Yarn dyeing


➞ Visited by The Slow Label in 2020.

Located in our hometown Vienna, Austria, this family-run dye house combines traditional craftsmanship with a strong interest in innovation and sustainability. They have dedicated years to developing recipes for plant dyes that are a lot less harmful to the environment than their conventional counterparts. 

Using what nature has to offer - madder root, logwood, weld, indigo, cochineal, yellow wood, and redwood - this team was able to create a beautiful color palette, of which we have chosen the colors ecru, leaf and black. We love peeking into their laboratory, where they spend their days working out the best and most sustainable composition to create a variety of natural colors. 

The organic merino wool yarn for our knitwear collection is wound and dyed in this factory before being sent to our knitting factory in Slovakia.


Färberei-Fashion-Revolution Färberei-Fashion-Revolution


We have forwarded the following questions to our contact at the dye house in Vienna and have compiled the answers below. Is there anything else that you would like to know? Please get in contact

How many of your employees are women and what's the average age?

Out of the ten employees working for this dye house, three are women. The average age is around 32 years.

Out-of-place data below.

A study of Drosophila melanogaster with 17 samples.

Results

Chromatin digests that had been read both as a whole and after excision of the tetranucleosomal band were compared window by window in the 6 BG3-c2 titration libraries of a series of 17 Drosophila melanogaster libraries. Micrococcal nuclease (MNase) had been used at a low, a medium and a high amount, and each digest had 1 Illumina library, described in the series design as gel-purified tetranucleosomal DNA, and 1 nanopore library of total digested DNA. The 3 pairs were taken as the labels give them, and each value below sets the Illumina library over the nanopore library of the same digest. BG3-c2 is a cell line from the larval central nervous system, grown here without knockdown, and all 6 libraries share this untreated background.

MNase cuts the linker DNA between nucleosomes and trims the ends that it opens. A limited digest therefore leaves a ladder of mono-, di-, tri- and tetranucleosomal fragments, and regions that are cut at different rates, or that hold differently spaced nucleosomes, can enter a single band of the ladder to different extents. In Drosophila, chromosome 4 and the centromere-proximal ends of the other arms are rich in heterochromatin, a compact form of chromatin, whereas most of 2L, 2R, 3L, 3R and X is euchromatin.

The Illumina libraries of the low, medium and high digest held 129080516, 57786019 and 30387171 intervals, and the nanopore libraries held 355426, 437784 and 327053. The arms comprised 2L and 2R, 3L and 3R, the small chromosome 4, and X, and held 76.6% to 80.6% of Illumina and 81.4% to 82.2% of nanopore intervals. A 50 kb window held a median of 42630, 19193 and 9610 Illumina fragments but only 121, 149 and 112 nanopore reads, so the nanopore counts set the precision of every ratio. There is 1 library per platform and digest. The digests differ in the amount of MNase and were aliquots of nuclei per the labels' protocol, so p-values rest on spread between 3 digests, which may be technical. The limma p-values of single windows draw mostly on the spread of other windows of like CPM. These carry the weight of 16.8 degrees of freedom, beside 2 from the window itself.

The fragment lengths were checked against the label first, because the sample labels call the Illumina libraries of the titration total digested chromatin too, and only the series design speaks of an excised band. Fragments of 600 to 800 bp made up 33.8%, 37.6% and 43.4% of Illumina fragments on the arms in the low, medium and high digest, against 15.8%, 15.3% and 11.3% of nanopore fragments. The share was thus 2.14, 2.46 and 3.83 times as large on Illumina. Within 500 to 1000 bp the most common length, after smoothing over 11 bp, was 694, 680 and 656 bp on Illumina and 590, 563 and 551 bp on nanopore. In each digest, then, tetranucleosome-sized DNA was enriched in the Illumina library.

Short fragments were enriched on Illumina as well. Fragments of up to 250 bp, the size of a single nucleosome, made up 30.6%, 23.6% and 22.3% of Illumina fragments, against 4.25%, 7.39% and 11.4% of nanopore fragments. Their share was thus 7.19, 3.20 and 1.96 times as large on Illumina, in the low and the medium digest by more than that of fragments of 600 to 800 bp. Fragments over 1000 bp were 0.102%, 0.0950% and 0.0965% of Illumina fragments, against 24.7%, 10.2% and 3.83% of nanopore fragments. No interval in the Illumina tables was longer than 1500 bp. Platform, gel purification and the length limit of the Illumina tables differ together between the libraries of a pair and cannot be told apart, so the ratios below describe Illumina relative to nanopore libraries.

How many hours maximum do the workers work per day?

10 hours max. 

How many vacation days do the employees have?

Our employees have 25-30 vacation days per year. 

Do you pay your workers a fair salary? 

We pay our workers a salary that is higher than the Austrian "Kollektivvertrag".

What makes your dyeing process special?

Our dyes are a purely natural product, unlike synthetic colors. This is actually visible and tangible, especially in combination with the wool.

After the first wash, does the color change or stay the same?

The color does not change with correct care. 

How can the customer imagine the complexity of dye extraction and the resulting color variations?

For the first knitwear drop in 2020, the black color has a slight bluish cast. Our natural black color tone is extracted from blue wood. This dye usually makes a dark purple or blue. By pre- and post-treatment of the yarn we can (depending on the dye) achieve a (in this case bluish) black. Sometimes this cast cannot be avoided.